Stocks snapped their four-session winning streak on the Tokyo Stock Exchange Monday, due chiefly to profit-taking following the recent surge amid a halt to the yen’s weakening, notably against the dollar.
The 225-issue Nikkei average lost 103.46 points, or 0.61 percent, to end at 16,911.32. On Friday, the key market gauge climbed 54.62 points.
The Topix index of all first-section issues lost 13.45 points, or 0.98 percent, to 1,361.90, after rising 6.30 points the previous trading day.
After opening moderately higher, the Nikkei average soon slipped below 17,000 and turned into negative territory, dragged down by selling to lock in profits after the index surged nearly 1,000 points in the four sessions through Friday, brokers said.
In early afternoon trading, the Nikkei average extended losses to 120 points, driven down by index futures-led selling.
The key market gauge showed some resilience in the middle of afternoon trading, but investors remained on the sidelines for the rest of the session in the absence of fresh incentives, brokers said.
“Investors felt a sense of achievement after the Nikkei retook 17,000 late last week,” said Chihiro Ota, general manager for investment research and investor services at SMBC Nikko Securities Inc. “Selling on a rally and profit-taking hit stock prices throughout the day.”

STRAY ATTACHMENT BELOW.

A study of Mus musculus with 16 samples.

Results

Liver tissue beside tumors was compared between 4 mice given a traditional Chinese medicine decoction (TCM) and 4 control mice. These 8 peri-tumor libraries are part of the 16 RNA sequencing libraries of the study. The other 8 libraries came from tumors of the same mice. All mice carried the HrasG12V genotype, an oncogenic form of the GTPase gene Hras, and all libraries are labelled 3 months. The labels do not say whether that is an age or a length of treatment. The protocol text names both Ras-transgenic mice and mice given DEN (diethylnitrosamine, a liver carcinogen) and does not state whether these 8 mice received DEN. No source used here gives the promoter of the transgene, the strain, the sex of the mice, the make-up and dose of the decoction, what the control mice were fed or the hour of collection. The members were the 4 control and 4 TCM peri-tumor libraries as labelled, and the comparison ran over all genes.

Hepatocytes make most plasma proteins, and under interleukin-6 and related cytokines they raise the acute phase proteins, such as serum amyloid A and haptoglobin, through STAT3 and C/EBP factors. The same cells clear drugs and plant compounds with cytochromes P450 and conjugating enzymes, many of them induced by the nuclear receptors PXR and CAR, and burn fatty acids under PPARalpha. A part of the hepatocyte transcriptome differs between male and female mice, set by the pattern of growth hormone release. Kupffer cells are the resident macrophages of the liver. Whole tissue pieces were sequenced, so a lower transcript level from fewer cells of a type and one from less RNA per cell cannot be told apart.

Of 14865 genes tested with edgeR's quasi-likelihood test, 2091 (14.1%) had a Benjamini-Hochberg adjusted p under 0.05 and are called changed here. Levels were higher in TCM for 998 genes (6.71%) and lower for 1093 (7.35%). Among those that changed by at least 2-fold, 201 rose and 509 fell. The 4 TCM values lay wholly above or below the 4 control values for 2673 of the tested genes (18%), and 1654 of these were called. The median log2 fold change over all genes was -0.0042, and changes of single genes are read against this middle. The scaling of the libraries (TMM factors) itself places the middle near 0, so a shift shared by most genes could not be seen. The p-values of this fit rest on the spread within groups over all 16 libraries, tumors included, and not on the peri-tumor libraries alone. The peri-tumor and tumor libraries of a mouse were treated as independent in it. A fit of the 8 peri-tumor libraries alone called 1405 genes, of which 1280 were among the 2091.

Falls in heavyweight components of the Nikkei average, such as mobile carriers SoftBank and KDDI, also weighed down the overall market, brokers said.
Still, analysts expect that the market would attract buybacks if there is an upturn in the external environment, including a rise in crude oil prices.
“I believe the Nikkei is expected to consolidate its downside at around 17,000 this week and next week,” Ota said.
Falling issues outnumbered rising ones 1,000 to 835 in the TSE’s first section, while 108 issues were unchanged.
Volume decreased to 2.22 billion shares from Friday’s 2.65 billion shares.
In the financial sector, mega-bank groups Mitsubishi UFJ and Sumitomo Mitsui, as well as insurers Tokio Marine and MS&AD Holdings, were downbeat.
The firmer yen battered automakers Toyota and Honda, along with machinery maker Hitachi and camera maker Canon.
On the other hand, Toshiba rocketed 7.02 percent due to receding concerns over a deterioration of its financial standing following a newspaper report Saturday that the company plans to pick the buyer of its medical equipment unit as early as this week.
Trading houses Mitsubishi and Mitsui were buoyant after crude oil futures prices in New York rose to the highest level in some two months on Friday.
In index futures trading on the Osaka Exchange, the key March contract on the Nikkei average dropped 50 points to end at 16,950.